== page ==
We start 'em young here!
My then four-year-old grandson attempting to use a push mower.
Today's quote from "Old Age and Villainy":
...one must have something to get excited about at our age.
One morning I awoke and realised that sometime during my sleep I'd made a momentous (to me) decision...I'd decided to research publishers to whom I'd send a submission of "Old Age and Villainy".
I came to this realisation after numerous rewriting and edits...after all one could only rewrite and edit so much. Also, there was the danger of becoming "word blind", where the brain no longer recognised the typos, punctuation and grammatical errors because it's had enough, thank you very much!
I jumped on line, typed the word "publishers" into Google and was presented with a long list. One I recognised as local as I had actually bookmarked the name some time ago so I clicked through to the website and found they would give a free brief assessment. They were a subsidy publisher where authors paid toward the cost of publishing, printing and marketing, etc. I sent the required three chapters and synopsis through and received a snail mail letter about five days later which said nice things about my submission, as follows:
" I enjoyed reading the sample of "Old Age and Villainy". This work of non-fiction/humor is taken from factual incidents in the lives of the author's friends and family. The book covers the humorous aspects of aging.
From what I have read I found the work rather well written with humorous descriptive narrative. I would like to read the complete manuscript and give a full evaluation with the intention of a publishing contract.
The letter then went on to outline the importance of re-reading and revision, "as no re-writes or additions will be entered once it has been accepted for publication". However, unlike a lot of other vanity publishers, this one did offer editing services which fully involved the author.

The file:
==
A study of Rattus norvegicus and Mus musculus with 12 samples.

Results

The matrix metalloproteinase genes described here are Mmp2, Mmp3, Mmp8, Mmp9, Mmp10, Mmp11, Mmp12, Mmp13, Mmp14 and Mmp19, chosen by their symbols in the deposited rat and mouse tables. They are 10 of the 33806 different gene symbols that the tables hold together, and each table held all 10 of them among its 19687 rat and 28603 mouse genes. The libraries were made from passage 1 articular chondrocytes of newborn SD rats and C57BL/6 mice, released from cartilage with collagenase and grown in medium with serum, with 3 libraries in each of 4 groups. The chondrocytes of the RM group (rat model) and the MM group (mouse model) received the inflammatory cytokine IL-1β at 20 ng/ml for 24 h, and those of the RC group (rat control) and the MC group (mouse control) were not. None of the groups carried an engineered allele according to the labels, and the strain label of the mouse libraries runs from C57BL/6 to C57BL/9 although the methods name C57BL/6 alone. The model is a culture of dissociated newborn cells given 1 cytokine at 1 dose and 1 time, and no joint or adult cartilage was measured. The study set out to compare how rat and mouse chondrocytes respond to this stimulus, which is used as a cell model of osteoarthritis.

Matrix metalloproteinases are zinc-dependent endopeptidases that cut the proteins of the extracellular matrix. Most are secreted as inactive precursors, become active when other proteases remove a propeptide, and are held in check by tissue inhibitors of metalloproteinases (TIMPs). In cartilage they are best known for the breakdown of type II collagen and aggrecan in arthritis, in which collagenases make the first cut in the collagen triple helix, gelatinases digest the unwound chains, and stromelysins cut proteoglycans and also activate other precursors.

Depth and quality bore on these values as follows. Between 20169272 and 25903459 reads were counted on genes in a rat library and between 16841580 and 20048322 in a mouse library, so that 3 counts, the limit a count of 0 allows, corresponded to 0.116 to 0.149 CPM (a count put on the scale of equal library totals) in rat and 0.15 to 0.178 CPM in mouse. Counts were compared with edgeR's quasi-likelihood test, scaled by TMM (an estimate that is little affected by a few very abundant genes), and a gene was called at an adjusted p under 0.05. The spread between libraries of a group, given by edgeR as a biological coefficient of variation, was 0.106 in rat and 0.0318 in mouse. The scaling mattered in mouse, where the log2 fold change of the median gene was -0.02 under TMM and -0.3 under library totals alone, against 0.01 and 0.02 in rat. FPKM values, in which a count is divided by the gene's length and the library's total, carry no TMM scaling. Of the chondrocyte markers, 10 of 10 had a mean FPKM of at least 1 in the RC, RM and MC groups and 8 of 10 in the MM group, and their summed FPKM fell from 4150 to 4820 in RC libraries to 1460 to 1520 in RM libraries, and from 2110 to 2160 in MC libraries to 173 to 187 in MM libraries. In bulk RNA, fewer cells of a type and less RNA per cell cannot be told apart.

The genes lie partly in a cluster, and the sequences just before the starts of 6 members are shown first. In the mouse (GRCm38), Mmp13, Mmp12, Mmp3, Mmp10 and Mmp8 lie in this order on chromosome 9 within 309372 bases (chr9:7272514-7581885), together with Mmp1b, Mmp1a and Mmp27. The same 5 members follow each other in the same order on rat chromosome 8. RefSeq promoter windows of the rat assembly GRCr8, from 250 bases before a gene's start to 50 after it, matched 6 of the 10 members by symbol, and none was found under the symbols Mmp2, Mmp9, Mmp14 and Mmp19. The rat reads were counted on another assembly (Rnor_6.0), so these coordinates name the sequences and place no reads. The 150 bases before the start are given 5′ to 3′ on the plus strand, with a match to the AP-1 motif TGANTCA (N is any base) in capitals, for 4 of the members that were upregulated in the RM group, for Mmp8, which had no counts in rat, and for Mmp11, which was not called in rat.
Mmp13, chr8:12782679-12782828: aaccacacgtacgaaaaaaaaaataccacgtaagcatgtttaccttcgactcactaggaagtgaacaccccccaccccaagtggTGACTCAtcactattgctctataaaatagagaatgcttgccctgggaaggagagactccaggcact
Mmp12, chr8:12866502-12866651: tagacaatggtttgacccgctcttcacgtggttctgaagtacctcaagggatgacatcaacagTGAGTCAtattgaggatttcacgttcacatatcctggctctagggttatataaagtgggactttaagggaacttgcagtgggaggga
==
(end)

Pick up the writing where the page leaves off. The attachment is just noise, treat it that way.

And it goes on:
I had no intention of taking them up on their offer as my motive was to receive some, hopefully, relatively positive feedback. What I received was enough for me to bite the bullet!
I chose four well known traditional publishing houses, thoroughly researched their websites and guidelines then decided on three . One of the four would not take emailed submissions but hard copies only and I bypassed them.
The next step was careful perusal of the guidelines for unsolicited submissions; all three had certain days on which they accepted these and any received outside of that time period were deleted. They outlined what to include, ie, a short synopsis, usually up to 300 words, a brief author's biography and a certain number of chapters or pages of the manuscript.
I was very careful about reading all the guidelines, checking and rechecking to make sure I had everything correct. So far, I've sent off two submissions; one had a two week wait, the other three weeks and both stipulated that if nothing was heard from them in that time frame, the submission was not successful. To keep track of what I'd sent out, I kept a note in my diary of the publisher's name, date the submission was sent and the time frame for hearing anything back.
I have one more publisher to try. I was too late for their acceptance date in the first week of October and will submit a sample in November.
Now...I wait with bated breath and hope I don't expire in the meantime!